Wind whips destructive wildfires in New Mexico, Colorado
Firefighters scouted the drought-stricken mountainsides around a New Mexico village on Wednesday as they looked for opportunities to slow a wind-driven wildfire that a day earlier had burned at least 150 homes and other structures while displacing thousands of residents and forcing the evacuation of two schools.
Homes were among the structures that burned Tuesday, but officials did not have a count of how many were destroyed in the blaze that torched at least 6.4 square miles (16.6 square kilometers) of forest, brush and grass on the east side of the community of Ruidoso, said Laura Rabon, spokesperson for the Lincoln National Forest.
No deaths or injuries were reported from the fire fanned by winds between 50 mph (80 kph) and 90 mph (155 kph), Rabon said.
While the cause of the blaze was under investigation, fire officials and forecasters warned Wednesday that persistent dry and windy conditions had prompted red flag warnings for a wide swath that included almost all of New Mexico, half of Texas and parts of Colorado and the Midwest.
Five new large fires were reported Tuesday, and nearly 1,600 wildland firefighters and support personnel were assigned to large fires in the southwestern, southern and Rocky Mountain areas, according to the National Interagency Fire Center.
Hotter and drier weather coupled with decades of fire suppression have contributed to an increase in the number of acres burned by wildfires, fire scientists say. And the problem is exacerbated by a more than 20-year Western megadrought that studies link to human-caused climate change. The fire season has become year-round given changing conditions that include earlier snowmelt and rain coming later in the fall.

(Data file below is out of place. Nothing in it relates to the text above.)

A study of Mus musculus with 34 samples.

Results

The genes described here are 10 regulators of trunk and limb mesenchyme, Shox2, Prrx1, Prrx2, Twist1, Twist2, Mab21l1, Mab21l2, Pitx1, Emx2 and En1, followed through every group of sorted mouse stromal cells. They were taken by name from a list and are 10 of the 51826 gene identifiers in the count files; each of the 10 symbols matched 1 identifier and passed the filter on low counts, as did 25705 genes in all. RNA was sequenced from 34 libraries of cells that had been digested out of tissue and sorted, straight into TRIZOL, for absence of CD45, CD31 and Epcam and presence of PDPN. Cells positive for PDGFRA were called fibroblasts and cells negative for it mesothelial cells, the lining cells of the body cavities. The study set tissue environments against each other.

In Ruidoso, officials declared a state of emergency and said school classes were canceled Wednesday as the village — about 140 miles northeast of El Paso, Texas — coped with power outages due to down power lines.
The residences that burned were mostly a mix of trailers and single-family homes, and close to 4,000 people were displaced by evacuations. Village spokeswoman Kerry Gladden said authorities were out trying to survey as much damage as possible before Wednesday afternoon, when gusts were expected again, raising the fire threat.
“Right now, everybody is just rallying around those who had to be evacuated,” Gladden said. “We’re just trying to reach out to make sure everyone has places to stay. Plus in the middle of all this, our village is still without power. Everybody is just trying to get the resources here on the ground where they’re needed and get everyone fed.”
Ruidoso in 2012 was hit by one of the most destructive wildfires in New Mexico history, when a lightning-sparked blaze destroyed more than 240 homes and burned nearly 70 square miles (181 square kilometers).
Rabon said Wednesday that no precipitation was in the forecast and humidity levels remained in the single digits, which would make stopping the flames more difficult.
“Those extremely dry conditions are not in our favor,” she said.
Another wildfire in the Lincoln National Forest northwest of Ruidoso burned at least 400 acres (1.6 square kilometers) after it was sparked Tuesday by power lines downed by high winds. Crews confirmed Wednesday 10 structures were lost.
Elsewhere in New Mexico, wildfires were burning along the Rio Grande south of Albuquerque, in mountains northwest of the community of Las Vegas and in grasslands along the Pecos River near the town of Roswell.
In Colorado, crews were battling wind-whipped grass fires that had destroyed two homes and forced temporary evacuations.
Montoya Bryan reported from Albuquerque, New Mexico, and Davenport from Phoenix.